How to keep your cool

Modern-day parenting can contribute a significant amount of stress to parents. What can you, as parents, do
to reduce the inescapable anxiety?

It’s a weekday night. Audrey Bay was rushing to meet a work deadline but needed to first put her two
children to bed. Her younger child was unusually clingy and wailing loudly, causing the older one to fuss too.
Trying to calm both down, she couldn’t help but groan inwardly as she worried about her unfinished work.

When they finally fell asleep, she rushed back to her work. That’s when she realised that her whole body
had broken out in hives. The itch was unbearable and she scratched herself raw for the entire night.
“I’ve not had hives before, nor did I eat anything out of the ordinary,” recalls Ms Bay, a psychologist at SKH.

“Then a friend shared with me that hives could be stress-induced, and it all made sense.” As a mother of two, Ms Bay shares that a lot of stress can be brought on by the demands of parenting. Parents are usually actively involved in their children’s lives and find themselves scheduling their children’s academic and social activities — school, enrichment classes and playdates — on top of juggling their own career, household matters and other

She adds that parenting stress is common — having experienced it herself, she sees it in her patients too.
In fact, when parents lose their cool and flare up at their children, it is usually followed by feelings of guilt.
So, to enjoy your parenting journey and create a safe, happy home for your children, learn to identify when you are stressed, and know how to deal with it.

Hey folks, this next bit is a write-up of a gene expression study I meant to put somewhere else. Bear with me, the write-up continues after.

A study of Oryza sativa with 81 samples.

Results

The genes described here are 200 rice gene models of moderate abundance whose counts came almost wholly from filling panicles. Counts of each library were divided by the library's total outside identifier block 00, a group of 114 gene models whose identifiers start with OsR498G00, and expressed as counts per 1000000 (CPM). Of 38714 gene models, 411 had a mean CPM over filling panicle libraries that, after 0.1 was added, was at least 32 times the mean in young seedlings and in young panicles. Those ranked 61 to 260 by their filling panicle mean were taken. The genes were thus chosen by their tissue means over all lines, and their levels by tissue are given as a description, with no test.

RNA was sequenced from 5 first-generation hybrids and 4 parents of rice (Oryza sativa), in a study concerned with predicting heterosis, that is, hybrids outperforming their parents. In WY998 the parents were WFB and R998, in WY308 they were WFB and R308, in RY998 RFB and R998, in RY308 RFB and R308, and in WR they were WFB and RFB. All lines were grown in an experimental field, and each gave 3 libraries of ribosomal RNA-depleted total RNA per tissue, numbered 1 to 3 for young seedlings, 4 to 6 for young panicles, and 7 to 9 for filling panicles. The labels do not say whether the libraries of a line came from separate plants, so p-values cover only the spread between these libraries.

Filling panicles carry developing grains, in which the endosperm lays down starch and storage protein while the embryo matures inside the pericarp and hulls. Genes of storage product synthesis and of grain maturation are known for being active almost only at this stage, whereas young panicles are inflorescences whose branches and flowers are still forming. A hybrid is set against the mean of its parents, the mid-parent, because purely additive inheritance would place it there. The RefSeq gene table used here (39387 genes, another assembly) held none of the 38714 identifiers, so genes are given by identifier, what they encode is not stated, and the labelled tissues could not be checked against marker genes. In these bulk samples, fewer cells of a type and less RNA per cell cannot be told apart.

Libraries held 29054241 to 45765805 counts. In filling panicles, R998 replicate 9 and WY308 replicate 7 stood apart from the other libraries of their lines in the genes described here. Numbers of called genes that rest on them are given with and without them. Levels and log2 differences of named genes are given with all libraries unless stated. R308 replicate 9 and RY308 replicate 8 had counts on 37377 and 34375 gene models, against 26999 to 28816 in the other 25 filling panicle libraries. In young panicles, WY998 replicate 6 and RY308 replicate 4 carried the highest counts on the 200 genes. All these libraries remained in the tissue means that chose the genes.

What causes parenting stress?

Parenting stress can be brought about by several reasons like the mundane daily routine of childcare, challenging
behaviours and education concerns as well as different parenting styles and expectations. For parents of children
who have chronic health conditions, the stress is greater especially if there is a lack of social support.

Ms Bay elaborates, “All stressors are different and every family differs — it depends on the roles that the fathers
and mothers play, and how they perceive the stress and handle it.”

Know the signs and symptoms

Stress can manifest in many ways and the symptoms are unique to each individual. Most times, stress symptoms can physically affect our health and lead to problems such as headaches, migraines, muscle tension, as well as digestive problems like stomachaches and diarrhoea. Identifying minor stress symptoms early can prevent them from worsening, or else the prolonged strain on our bodies can contribute to health problems such as asthma,  eczema, heart disease, and irritable bowel syndrome. Recognise the signs and symptoms in yourself, and take
immediate action.

Ask for help when needed

It will be helpful for parents to take time to recharge and be proactive in managing their stress. Where possible, seeking support from family and friends is a great way to start. For
example, Ms Bay sought help from her loved ones when she needed some time to rest.

It is essential to balance caring for your children and yourself. By
prioritising self-care, parents are not only taking care of their own wellbeing but showing their children the importance of caring for oneself. “It’s a myth that being a good parent means sacrificing all your needs for your child,” she adds.

I know a parent who’s stressed — how can I help?

Empathise with the parent and be his or her pillar of support by providing a listening ear. Sometimes, what a stressed-out parent may need the most is someone to confide in. Or offer practical help like babysitting, delivering meals, or keeping them company when they are alone with their child. Your little acts of kindness and thoughtfulness could make all the difference in reducing stress for these parents.